Facebook has been accused of gathering information about social networkers' online activities before asking their permission using its controversial Beacon software.
The social networking site is now facing legal action after it was allegeded that Facebook, along with Blockbuster, Fandango and Overstock violated online privacy and computer fraud laws.
Beacon shares information about Facebook users' internet activities with friends. For example, when a Facebook user who has Beacon turned on buys an item on Overstock.com, a message appears on their Facebook page about the purchase, and all the user's friends can see it. However, the system evoked concerns from privacy groups who wanted to know how much information Facebook was gathering about how many internet users.
"By the time any user was notified that Facebook was (at a minimum), an observing party to the transaction, and that Facebook was asking for an approval to publicly broadcast identifying information regarding the event, personally identifying information had already been communicated to Facebook," the lawsuit says.
In addition, the program was initially set up as an opt-out system, but it was very cumbersome to do so, the suit alleges. Facebook users had to visit each Beacon affiliate website, of which there were initially 44, and opt out of the program on each site.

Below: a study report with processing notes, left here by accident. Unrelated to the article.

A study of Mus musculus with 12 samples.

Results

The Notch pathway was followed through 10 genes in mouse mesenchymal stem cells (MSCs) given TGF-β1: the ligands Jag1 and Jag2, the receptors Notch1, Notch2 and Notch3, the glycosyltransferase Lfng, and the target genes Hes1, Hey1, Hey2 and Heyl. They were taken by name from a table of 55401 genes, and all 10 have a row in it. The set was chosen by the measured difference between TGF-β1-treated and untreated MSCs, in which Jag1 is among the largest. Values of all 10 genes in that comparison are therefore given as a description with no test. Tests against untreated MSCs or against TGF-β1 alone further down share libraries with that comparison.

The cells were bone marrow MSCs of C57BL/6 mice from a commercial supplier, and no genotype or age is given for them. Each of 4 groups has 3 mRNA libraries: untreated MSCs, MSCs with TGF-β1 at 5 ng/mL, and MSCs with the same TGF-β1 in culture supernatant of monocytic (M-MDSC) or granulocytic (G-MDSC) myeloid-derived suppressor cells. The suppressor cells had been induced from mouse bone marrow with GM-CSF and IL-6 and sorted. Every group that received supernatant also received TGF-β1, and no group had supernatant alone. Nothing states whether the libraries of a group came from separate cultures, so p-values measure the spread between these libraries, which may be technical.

Beacon also collected information about all visitors, not just Facebook users, who conducted certain activities on the third-party sites that were part of the program, according to the suit. For example, any time someone bought or rented a movie or placed a movie in their queue on Blockbuster.com, a notification about the activity was sent to Facebook. That happened regardless of whether the person using the Blockbuster site was a Facebook customer.
"Thus, non-Facebook persons who utilised the Facebook Beacon Activated Affiliate websites were not told that their transaction, and indeed, every transaction they engaged in upon the website was being communicated to a third party (Facebook) with whom they had no relationship whatsoever," the suit reads.
In December 2007, Facebook charged Beacon so it became an opt-in system and users could turn it off completely.
A Facebook spokesman said the company had not yet been served the lawsuit but planned to review it closely when it receives it.
The suit asks the court to require Facebook and the other affiliate sites to delete any of the data they collected without user knowledge, award restitution to class members and return any "ill-gotten gains" from the activities that allegedly violated privacy and fraud laws.